CRISPR could help us cure sickle-cell disease. But patients are wary.

How accessible would a cure be to the people who need it?
September 18, 2019
Micrograph of sickle cells
Micrograph of sickle cellsWikimedia commons

A gene-editing technique that has shown promise as a potential cure for sickle-cell disease is now being tested in humans. But if it works, will the people who need it even be able to get it? Now that a cure may be in sight, this is an urgent question, says Vence Bonham, a senior advisor to the director of the National Human Genome Research Institute.

Sickle-cell disease (SCD) is a genetic blood disorder that affects millions of people in the world. It causes the production of abnormal red blood cells and can lead to intense pain, strokes, and organ and tissue damage. 

From a scientific perspective, “it’s an exciting time” for people who suffer from the disease, Bonham said today at MIT Technology Review’s EmTech conference. Researchers are testing a technique that uses the precise gene-editing tool CRISPR to modify a single gene associated with the disease.

Vence Bonham
Justin Saglio

But from a sociological standpoint, argued Bonham, the work is just beginning. SCD is more common in certain ethnic groups, particularly people of African descent. And while there are around 100,000 people with the disease in the US, the vast majority live in sub-Saharan Africa and India, Bonham said.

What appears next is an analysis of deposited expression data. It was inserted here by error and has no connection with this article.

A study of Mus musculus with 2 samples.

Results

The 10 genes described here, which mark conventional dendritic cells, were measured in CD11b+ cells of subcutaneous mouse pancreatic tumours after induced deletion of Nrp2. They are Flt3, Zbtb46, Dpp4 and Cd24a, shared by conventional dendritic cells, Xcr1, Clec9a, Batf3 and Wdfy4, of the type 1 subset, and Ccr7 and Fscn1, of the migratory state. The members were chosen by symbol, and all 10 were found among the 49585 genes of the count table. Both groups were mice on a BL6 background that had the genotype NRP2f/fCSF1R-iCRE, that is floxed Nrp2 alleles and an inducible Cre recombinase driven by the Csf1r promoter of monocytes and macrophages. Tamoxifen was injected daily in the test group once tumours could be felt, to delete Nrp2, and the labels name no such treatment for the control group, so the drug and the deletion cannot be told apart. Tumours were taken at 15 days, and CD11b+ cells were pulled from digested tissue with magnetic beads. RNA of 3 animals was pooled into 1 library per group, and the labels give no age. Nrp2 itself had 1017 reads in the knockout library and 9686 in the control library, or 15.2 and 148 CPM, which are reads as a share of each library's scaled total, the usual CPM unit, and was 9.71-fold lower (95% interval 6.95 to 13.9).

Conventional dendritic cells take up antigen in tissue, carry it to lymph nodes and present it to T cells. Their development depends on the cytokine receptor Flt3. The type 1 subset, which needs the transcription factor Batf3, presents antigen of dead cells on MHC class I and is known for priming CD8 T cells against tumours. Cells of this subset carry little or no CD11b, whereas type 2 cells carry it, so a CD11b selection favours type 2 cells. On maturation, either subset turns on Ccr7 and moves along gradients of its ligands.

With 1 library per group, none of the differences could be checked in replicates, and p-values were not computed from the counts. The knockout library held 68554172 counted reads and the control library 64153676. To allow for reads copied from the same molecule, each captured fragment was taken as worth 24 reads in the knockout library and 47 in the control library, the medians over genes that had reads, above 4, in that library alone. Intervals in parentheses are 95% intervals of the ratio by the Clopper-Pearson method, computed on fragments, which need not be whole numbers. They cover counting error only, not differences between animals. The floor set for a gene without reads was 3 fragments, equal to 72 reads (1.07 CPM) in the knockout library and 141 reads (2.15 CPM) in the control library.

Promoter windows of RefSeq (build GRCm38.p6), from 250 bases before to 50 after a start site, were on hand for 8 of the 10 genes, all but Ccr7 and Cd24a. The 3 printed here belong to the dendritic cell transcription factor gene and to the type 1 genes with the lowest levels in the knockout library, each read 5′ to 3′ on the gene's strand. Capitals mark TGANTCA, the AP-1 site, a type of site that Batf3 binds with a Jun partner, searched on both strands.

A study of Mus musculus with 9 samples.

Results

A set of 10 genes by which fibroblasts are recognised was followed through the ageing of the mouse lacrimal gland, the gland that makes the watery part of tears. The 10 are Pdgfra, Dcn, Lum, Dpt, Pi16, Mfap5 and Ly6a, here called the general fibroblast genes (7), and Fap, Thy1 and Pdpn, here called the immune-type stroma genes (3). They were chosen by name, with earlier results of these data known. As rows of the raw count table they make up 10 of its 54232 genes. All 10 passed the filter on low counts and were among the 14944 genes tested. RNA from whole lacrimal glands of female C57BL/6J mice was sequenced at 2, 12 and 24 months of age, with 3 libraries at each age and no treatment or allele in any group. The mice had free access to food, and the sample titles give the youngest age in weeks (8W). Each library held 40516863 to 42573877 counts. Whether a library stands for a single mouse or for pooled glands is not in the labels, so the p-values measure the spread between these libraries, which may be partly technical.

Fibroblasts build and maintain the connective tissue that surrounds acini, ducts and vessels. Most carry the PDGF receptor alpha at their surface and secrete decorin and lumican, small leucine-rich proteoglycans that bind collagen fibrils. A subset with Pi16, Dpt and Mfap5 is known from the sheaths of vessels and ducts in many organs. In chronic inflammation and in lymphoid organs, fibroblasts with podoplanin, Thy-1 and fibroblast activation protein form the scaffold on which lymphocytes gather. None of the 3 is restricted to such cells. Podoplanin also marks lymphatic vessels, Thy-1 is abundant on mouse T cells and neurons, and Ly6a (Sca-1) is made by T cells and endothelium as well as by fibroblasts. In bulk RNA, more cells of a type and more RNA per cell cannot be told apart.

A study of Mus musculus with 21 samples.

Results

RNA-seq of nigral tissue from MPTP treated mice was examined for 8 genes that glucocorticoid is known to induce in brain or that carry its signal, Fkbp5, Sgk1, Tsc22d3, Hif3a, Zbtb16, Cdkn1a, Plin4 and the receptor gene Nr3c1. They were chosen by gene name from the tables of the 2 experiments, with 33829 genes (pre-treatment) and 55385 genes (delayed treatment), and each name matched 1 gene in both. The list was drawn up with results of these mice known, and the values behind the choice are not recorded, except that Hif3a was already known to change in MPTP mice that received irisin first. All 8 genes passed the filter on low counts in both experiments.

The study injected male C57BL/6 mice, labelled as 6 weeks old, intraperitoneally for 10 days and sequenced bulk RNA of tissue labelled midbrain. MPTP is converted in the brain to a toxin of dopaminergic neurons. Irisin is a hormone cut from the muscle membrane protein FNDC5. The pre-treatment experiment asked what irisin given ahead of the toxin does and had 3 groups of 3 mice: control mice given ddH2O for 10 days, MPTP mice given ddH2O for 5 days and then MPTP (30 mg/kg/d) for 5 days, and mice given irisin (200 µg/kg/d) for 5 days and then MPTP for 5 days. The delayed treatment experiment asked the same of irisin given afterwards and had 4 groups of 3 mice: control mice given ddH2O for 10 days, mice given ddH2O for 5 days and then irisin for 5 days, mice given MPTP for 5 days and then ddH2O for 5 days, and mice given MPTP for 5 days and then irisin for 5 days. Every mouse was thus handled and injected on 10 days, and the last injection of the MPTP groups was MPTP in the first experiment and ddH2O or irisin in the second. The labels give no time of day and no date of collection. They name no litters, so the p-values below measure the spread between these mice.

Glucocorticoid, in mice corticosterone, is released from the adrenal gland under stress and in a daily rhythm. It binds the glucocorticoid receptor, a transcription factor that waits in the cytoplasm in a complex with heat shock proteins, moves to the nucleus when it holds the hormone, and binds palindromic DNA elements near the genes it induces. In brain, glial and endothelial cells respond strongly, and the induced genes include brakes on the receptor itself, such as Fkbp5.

He and colleagues recently conducted a study intended to explore the “attitudes and beliefs” toward the promising technique held among people with SCD, their family members, and their physicians. Many of the people Bonham and his colleagues spoke with expressed skepticism that a potential CRISPR-based cure would be affordable and accessible to those who need it. Although they did find “renewed hope,” they also observed “cautionary, apprehensive undertones to this hope,” which they concluded stem in part from decades of “medical disenfranchisement of the SCD community.”

According to one physician interviewed for the study, there is a danger that other rare diseases that tend to affect people “with more resources” might get more attention and, potentially, funding. As a result, there is a concern that the SCD population “could get left in the dust.” This population is already skeptical, since “they have been left in the dust with so many other things,” the physician added.

Besides a cure itself, we also need better and cheaper ways to “expand the benefits of this new technology,” Bonham said. “The potential is great, but we must ask the question: Who will benefit?”